Feb 22, 2006 at 12:00 am

This is how a beautiful mind says goodbye.

Released on his 32nd birthday, just three days before he died, Dilla's instrumental solo album Donuts is, without question, a humbling work of genius filled with everything that made the Slum Village co-founder one of the most unpredictable producers of all time.

For commercial fans, Donuts is probably far left of most $15 expectations. Among its 31 tracks, there are no Pharcyde-friendly West Coast beats nor any blinged-out Busta Rhymes East Coast jams. Common or Phife Dawg wouldn't select many of these beats for their albums. But that's what makes Donuts such a rough-edged classic. This is Dilla being Dilla — full of pain, creativity and a musical work ethic that rivaled James Brown's.

There are eerie and sad moments here, as if Dilla was coming to terms with his own death. The '70s soul sound of "Don't Cry" is somber enough to sound like an aural epitaph, and the liquid Isley Brothers feel of "Bye" is odd, considering the song never mentions the word.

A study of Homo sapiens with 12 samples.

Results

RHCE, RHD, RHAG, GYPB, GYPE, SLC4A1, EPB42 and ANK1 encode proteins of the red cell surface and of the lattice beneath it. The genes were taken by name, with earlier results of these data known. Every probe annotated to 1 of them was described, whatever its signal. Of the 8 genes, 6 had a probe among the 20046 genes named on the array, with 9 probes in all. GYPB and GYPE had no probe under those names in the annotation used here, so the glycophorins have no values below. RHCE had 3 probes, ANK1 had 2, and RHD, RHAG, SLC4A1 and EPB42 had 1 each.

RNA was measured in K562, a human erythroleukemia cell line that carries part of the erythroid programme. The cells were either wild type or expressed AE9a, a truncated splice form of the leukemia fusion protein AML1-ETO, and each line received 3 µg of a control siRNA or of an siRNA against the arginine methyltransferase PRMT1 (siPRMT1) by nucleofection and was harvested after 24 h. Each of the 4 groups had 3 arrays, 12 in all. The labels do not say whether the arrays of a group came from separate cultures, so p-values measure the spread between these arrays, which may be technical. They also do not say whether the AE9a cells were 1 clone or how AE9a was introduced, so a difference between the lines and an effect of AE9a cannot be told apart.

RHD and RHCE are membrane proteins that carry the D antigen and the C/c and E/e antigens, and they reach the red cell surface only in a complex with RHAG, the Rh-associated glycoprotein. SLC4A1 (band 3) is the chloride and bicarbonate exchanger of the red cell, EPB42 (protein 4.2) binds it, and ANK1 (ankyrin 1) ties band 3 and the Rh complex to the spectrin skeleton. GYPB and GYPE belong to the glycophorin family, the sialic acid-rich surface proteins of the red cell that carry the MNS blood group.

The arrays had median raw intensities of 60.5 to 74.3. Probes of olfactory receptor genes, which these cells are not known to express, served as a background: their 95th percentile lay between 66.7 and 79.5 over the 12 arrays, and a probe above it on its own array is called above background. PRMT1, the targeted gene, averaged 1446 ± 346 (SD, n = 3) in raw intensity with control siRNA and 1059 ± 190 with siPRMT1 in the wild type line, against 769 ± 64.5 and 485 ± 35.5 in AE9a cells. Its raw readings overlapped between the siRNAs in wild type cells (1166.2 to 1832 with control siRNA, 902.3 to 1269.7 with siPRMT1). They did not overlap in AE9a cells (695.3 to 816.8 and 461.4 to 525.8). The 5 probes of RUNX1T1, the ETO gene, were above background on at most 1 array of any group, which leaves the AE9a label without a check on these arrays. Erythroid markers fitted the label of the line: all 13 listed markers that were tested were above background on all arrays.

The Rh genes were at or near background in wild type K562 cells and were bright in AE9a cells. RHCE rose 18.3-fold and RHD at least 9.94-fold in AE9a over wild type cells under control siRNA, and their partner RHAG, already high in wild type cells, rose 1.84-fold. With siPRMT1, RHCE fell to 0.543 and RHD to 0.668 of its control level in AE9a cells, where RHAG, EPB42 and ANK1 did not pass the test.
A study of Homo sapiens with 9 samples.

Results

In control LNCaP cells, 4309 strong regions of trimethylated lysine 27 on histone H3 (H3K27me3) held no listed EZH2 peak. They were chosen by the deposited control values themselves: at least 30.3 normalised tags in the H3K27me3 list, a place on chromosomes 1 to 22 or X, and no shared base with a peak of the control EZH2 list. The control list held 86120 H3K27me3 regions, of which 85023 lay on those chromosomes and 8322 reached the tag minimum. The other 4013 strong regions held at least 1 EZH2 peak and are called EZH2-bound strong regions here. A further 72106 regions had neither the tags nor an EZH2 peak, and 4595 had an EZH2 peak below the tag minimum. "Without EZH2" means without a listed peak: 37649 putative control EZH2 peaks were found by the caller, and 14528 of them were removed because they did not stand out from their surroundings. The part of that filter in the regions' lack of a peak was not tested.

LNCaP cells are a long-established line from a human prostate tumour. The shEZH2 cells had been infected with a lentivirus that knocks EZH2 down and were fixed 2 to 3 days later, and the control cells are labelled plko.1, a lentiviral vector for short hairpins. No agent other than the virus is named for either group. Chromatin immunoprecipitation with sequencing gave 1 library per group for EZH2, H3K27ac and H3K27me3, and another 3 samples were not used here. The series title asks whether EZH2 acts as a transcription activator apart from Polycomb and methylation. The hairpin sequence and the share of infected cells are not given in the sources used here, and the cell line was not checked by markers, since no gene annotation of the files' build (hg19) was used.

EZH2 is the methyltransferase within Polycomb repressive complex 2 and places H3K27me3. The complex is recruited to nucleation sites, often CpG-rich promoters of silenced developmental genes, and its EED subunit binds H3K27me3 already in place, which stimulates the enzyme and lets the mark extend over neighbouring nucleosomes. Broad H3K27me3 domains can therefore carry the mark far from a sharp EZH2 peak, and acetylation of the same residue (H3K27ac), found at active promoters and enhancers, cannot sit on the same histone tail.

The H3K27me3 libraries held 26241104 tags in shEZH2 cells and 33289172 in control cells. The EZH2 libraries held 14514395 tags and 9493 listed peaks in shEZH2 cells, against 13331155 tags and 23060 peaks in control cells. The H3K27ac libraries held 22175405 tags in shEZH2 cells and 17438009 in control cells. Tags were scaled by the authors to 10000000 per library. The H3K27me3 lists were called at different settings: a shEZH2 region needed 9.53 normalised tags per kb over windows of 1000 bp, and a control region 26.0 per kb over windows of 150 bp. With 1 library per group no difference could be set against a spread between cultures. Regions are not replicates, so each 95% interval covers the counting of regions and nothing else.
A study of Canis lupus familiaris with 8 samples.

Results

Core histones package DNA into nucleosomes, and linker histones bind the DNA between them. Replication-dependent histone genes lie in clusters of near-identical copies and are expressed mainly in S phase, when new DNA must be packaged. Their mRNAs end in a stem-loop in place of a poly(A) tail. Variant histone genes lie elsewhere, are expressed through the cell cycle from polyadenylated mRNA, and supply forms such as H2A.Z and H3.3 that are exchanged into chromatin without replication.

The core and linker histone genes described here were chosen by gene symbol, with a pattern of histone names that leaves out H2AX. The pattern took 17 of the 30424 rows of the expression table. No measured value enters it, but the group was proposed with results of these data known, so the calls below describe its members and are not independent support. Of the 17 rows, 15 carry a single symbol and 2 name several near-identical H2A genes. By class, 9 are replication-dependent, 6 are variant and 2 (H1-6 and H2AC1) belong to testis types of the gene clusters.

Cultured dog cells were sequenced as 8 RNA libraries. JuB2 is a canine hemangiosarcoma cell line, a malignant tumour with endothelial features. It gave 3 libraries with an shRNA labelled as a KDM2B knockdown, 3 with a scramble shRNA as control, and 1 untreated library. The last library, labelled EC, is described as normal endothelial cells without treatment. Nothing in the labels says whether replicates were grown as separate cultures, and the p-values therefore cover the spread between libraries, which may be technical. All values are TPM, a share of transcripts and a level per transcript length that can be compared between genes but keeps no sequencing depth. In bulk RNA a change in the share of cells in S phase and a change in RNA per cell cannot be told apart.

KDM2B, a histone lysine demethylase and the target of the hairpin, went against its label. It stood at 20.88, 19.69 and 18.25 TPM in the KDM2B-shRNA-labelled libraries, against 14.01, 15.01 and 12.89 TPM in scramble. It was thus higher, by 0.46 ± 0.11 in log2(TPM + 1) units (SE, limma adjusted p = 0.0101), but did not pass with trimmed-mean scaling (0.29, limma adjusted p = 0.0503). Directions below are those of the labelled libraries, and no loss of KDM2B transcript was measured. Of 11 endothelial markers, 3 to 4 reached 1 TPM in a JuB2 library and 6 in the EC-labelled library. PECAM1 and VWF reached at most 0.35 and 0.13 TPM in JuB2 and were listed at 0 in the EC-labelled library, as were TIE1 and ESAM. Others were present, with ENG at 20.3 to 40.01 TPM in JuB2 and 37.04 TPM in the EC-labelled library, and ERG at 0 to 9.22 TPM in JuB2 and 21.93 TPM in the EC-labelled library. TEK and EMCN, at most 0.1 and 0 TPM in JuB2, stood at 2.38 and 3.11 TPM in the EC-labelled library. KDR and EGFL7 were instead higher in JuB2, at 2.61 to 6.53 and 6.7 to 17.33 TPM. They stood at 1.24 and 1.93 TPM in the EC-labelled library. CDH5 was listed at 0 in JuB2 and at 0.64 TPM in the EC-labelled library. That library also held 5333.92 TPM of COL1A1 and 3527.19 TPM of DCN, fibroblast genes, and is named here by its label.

It's all part of the left-brained madness that makes Dilla's beats such a gift. Most of the album was created in a hospital bed during his illness, and you can almost feel Dilla being pulled to the other side during the sweet soul loops on "Airworks" and the glazed electronics of "Two Can Win."

On "People" — between a melodic array of conga drums and Indian rhythms — sits a perfectly laid Eddie Kendricks sample belting out slowly, "My People ... Hold On."

The man's soul drips all over this one. And we're holding the best we can.

Jonathan Cunningham writes about music for Metro Times. Send comments to [email protected].